Dividends are earnings of a publicly listed firm. They are trickled down to its shareholders in the form of cash or shares of a stock. Announcements of dividend payouts are generally supplemented by a proportionate increase or decrease in the stock price of a company.
A firm can choose to pass on its earnings or reinvest them back into its business.
Dividend payments demonstrate a company's health and favourable earnings forecasts in the future. They also provide steady income to investors, subsequently appealing them.
Types of dividends
Cash dividend is the most frequent dividend category, paid through a dividend cheque. The payout can also be in the form of additional shares of a stock (also called as dividend reinvestment plan).
What kind of stocks pay dividends?
Companies that pay out regular dividends are known as dividend stocks. Dividend stocks are often established firms, which have a history of distributing profits to shareholders.
Best dividend-paying companies are generally large firms with more foreseeable profits. They try to be consistent in paying dividends to boost an investor’s wealth for long term apart from normal growth.
How and when are dividends paid?
Most of the dividends are paid quarterly. For example, if a company pays $1 as dividend, its shareholder will get $0.25 per share 4 times in a year. Some companies pay dividends biannually or annually and if a company is doing well, it can also pay special one-time dividend.
A company declares a dividend on a declaration date, which includes ex-dividend date (the date when shareholders are entitled to the dividend payment) and payment date (when the dividend is actually paid to the shareholders).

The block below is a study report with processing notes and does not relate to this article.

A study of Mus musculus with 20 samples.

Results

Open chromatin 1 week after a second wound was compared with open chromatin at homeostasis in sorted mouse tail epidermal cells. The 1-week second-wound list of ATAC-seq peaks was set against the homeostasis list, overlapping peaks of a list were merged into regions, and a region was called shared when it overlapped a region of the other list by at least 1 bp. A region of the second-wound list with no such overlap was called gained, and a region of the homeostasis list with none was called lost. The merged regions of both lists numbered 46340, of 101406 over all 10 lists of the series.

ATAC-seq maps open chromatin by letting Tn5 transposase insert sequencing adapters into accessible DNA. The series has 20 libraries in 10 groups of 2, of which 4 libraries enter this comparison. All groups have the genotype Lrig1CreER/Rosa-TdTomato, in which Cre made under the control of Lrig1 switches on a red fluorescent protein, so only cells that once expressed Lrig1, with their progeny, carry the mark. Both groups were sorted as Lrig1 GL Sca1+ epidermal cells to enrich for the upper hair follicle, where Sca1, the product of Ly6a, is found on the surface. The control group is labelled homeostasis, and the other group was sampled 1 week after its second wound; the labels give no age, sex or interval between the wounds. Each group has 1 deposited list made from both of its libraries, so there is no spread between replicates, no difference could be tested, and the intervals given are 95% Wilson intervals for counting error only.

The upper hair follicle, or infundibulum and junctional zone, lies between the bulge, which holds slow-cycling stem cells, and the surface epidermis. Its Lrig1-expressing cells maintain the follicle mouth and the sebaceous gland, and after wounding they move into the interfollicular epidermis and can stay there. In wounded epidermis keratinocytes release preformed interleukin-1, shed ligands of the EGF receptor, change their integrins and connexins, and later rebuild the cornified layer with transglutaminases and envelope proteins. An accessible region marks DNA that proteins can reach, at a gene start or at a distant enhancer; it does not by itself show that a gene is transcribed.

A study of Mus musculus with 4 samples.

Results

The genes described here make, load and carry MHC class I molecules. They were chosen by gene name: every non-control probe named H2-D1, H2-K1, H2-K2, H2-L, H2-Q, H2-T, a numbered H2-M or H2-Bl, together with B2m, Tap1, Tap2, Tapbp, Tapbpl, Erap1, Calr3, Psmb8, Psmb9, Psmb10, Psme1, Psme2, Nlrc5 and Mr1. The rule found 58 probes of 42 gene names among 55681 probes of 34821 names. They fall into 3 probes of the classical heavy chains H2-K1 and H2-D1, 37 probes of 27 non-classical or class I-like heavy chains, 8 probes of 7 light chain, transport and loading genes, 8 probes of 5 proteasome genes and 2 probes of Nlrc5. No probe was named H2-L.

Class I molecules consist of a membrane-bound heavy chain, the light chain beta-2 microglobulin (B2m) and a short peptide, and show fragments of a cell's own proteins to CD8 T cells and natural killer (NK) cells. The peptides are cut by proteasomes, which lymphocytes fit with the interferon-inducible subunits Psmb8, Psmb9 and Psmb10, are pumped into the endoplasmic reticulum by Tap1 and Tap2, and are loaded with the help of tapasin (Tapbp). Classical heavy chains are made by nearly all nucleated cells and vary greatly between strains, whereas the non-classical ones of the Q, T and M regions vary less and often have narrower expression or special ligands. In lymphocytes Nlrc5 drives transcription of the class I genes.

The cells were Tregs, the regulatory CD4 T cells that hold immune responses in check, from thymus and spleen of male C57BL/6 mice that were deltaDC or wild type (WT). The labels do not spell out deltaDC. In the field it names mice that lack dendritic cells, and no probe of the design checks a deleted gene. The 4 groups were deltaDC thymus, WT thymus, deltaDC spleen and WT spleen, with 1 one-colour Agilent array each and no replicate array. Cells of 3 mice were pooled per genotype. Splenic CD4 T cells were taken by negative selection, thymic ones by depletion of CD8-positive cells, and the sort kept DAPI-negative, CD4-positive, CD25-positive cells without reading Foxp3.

How are dividends paid and taxed in New Zealand?
Many companies in New Zealand pay dividends twice a year in the form of interim or final dividend. They are not usually given in equal instalments — the final payout, for example, is frequently handed out more than the interim dividend. Only a few firms pay them on a quarterly basis.
Dividends are taxed since they are considered as income. The rate at which they are taxed, however, is variable. In several nations, they are also given special tax treatment.
Dividends in Australia, for example, are taxed differently based on whether the shareholder is an Australian resident or a non-resident. In the US, ordinary dividends are taxed at the same rate as normal federal income taxes for that year.
If the shareholder’s dividend is not fully imputed (not enough company tax was paid), then resident withholding tax should be deducted. There are distinct tax regulations and laws for dividends received from overseas.
How is a dividend calculated?
A dividend payout is the percentage of net income paid as dividends and the ratio assists in projecting a company’s growth. Assume that the cash flow statement of a company shows that it made a payment of $3 billion in dividends to the shareholders while the income statement reported a net income of $5 billion, then, the dividend payout ratio comes at $0.6.
Which are the top NZX-listed dividend-paying stocks?
Let us take a glance at some of the top NZX stocks that are among the highest dividend payers:
Spark New Zealand Limited (NZX:SPK; ASX:SPK), a telecom giant, paid an interim dividend per share of 12.5 cents for H1FY21 in April 2021. It also revised its dividend guidance to the top end of the range at 25cps for FY21.
Trustpower Limited (NZX:TPW) is an NZ-based prominent electricity generator and electricity retail company. TPW will pay an interim dividend of 17 cps on July 18 as well as a special dividend of 1.5 cps, for a total payout of 35.5 cps in 2021.
Kiwi Property Group Limited (NZX:KPG) is a leading property investment company in NZ. The Group paid a final cash dividend of 2.95 cps for the 6-month period ended 31 March 2021. Its total cash dividend for FY21 stood at 5.15 cps and its dividend is expected to be no less than 5.3 cps for FY22.
Hence, investors should consider the numerous aspects and associated financial criteria while assessing the potential for profit from dividend stocks.